Space Frontier Society
A Chapter of the National Space Society
Vol. 5, No. 9
by Dan Perlman, Editor
The Millennial Project: Colonizing the Galaxy in Eight Easy Steps
by Marshall T. Savage
Little, Brown and Company
$16.95 softcover, 508 pages
Colonizing the galaxy in eight easy steps sounds like the sort of book that Time-Life would issue in the middle of a twenty-three volume series. You now, fixing your pipes, building bookshelves, wiring your VCR, colonizing the galaxy. And in some ways, this book lives up to that how-to genre. Except that it is, for the most part, completely speculative.
I should start by saying, I liked this book. I really liked this book. Like Arthur C. Clarke, who wrote the book’s introduction, I am awed by Marshal Savage’s depth of knowledge in the worlds of engineering, astronomy and physics. But, even more, I am awed that someone sat down and came up with a plan this big. Like, really, really, really big.
In nine easy to read chapters, Mr. Savage takes us through colonizing the oceans, building workable launch facilities, creating habitable space ecospheres, constructing moon colonies, terraforming Mars, colonizing the solar system, and moving on to the stars. Then he takes us right back to right now and the establishment of a foundation to make it all possible. Three hundred and eighty four pages of text, plus appendices, and I enjoyed every minute of reading it.
Now, that said, I’m going to tell you waht I didn’t like about the book. First, a pet peeve. I hate endnotes. Seven hundred and twenty seven times I was prompted by superscript numbers to flip to the back of the book and read through forty nine pages of endnotes. Needless to say, I shortly gave up and just waited till I was done with the text to go read the notes. Endnotes should be saved for information that is useful only for those who want to delve deeper into a given subject. Unfortunately, many of the notes here give details that are important to understanding the text. Then again, many do not, such as note 22, which, I quote, “Including seaweed.” This, couldn’t have just been put in the main body of the book?
Second, we all know the old adage about statistics. I’m not an engineer, I’m not a scientist, I’m and editor and chef. But I did take several courses in statistics and numerous courses in mathematics while in college. Mr. Savage is a master at using statistics to prove his point at any given moment. My favorite is his proof that there is no life anywhere else in the universe besides here on Earth. He may be right, he may be wrong. But (reducing the numbers here to something usable in this column), something which has a chance of 1 in 100 of occurring does not mean that you have to go through 100 trials before it happens. This is “you always find your keys in the last place you look” taken to extremes.
There is also the controversy over the existence of alien life itself. This is neither a positive nor negative of the book, but much as the argument used by someone like Carl Sagan (x number of planets around y number fo stars with z number of chances of life.. etc.) is easily shown to be, shall we say, overly optimistic; the converse, or, there’s no other life because we haven’t seen it yet, is equally specious.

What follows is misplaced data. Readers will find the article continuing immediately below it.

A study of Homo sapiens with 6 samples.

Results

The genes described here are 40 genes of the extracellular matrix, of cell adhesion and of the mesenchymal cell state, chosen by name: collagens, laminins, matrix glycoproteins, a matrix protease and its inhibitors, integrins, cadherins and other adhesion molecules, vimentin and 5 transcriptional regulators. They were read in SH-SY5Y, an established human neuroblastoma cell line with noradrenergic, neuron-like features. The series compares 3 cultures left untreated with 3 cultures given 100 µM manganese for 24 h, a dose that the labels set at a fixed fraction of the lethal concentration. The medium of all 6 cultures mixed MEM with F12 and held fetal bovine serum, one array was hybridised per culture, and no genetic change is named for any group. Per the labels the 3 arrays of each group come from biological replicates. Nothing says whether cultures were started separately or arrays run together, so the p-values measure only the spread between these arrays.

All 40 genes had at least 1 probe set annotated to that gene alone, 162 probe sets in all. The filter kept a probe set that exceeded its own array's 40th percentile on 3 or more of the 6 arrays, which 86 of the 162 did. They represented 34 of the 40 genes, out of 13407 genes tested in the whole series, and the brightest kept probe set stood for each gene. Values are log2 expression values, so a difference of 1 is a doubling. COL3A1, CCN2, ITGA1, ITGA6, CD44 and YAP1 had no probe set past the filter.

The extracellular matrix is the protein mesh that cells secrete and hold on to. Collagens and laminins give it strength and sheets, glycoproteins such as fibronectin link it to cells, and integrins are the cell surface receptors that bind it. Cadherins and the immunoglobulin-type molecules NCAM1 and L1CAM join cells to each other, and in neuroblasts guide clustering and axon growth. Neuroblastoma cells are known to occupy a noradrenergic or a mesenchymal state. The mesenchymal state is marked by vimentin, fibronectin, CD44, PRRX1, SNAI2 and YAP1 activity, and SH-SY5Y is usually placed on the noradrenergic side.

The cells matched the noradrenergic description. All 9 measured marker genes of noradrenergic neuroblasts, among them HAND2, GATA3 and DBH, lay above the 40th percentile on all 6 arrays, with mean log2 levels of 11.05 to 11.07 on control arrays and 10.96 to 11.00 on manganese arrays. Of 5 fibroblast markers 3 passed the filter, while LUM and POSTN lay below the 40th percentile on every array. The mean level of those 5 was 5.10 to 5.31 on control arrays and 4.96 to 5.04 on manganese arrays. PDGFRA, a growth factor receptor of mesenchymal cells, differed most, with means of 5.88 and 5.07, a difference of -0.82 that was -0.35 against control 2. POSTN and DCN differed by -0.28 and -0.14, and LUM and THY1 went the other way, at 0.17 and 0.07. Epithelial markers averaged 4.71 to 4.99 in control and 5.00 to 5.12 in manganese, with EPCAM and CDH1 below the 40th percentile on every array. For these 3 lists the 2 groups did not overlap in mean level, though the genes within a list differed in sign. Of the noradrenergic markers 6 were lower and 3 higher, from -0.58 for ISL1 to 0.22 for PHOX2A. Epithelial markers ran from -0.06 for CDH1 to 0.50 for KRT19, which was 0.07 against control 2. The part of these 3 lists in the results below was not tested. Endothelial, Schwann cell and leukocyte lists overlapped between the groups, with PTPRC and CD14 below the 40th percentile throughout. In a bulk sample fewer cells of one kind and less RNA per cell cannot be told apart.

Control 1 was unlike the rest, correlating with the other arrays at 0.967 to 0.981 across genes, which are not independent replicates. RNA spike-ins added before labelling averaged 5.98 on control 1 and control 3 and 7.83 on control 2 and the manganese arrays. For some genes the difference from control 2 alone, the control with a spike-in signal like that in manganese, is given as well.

Mr. Savage argues, after first asserting throughout this book that we humans are somehow the pinnacle of sentient development, that if life existed on other planets it would be so far ahead of us that we’d either see it in the transformation of galaxies, or been contacted by now. Who says? We could be ahead of the game, we could be even with the pack. Or, he could be right.
Last, is purely stylistic again. There are more bad puns, ludicrous plays on words, and silly jokes in this book than in a Xanth novel. Not to mention the constant use of works of fiction, television shows, movies and mythology as illustrations of either the way it is or the way it will be. Sure it helps for speculation to use other folks’ speculations, but many of his reference materials were never intended to be considered seriously – e.g., The Hitchhiker’s Guide to the Galaxy!? Speaking of which, Marshall, for those of us who consider this work on a spiritual level with the Bhagavad Gita, the character’s name is Zaphod Bebblebrox, not Zeyphod Beebelbrox. And, he’s the President of the Universe. Okay?
Now, back to what I really liked about this book. There are no illusions here about what it’s going to take to accomplish this Brobdingnagian task. Mr. Savage presents everything laid out ina potentially reasonable timeline (though I think it will take longer to really get started than he does, once the project is truly underway, he’s probably right on track). He gives step by step instructions through currently existing technology, which gets us through a good chunk of the first two stages of the project, and then uses what appears to be sound reasoning as to what it will take to proceed beyond. He is also clear that life in space, the pioneering of new worlds, the initially artificial environments, and the changes in humanity itself that will be necessary, are not for everyone.
The illustrations and artwork make much of the text come clear. Beyond that, his descriptions of each phase of the project, while often sounding like a Madison Avenue pitch for condominium timeshares, are clear, concise, and either in spite of, or perhaps because of this style, exciting and enticing to read. Mr. Savage has an excellent command of the English language, and more than once I found myself building a better vocabulary through reading, and turning to the dictionary.
But most important is his vision. Mr. Savage is a dreamer. Not a dreamer in the everyday sense of the word. His is no dream of what somebody might do someday if it all goes somehow right. Instead, it is a dream of hope for humanity, and a plan of action for taking us to the starts. I may just apply for the chef’s job in Anlagen – after all, even pioneers need to eat.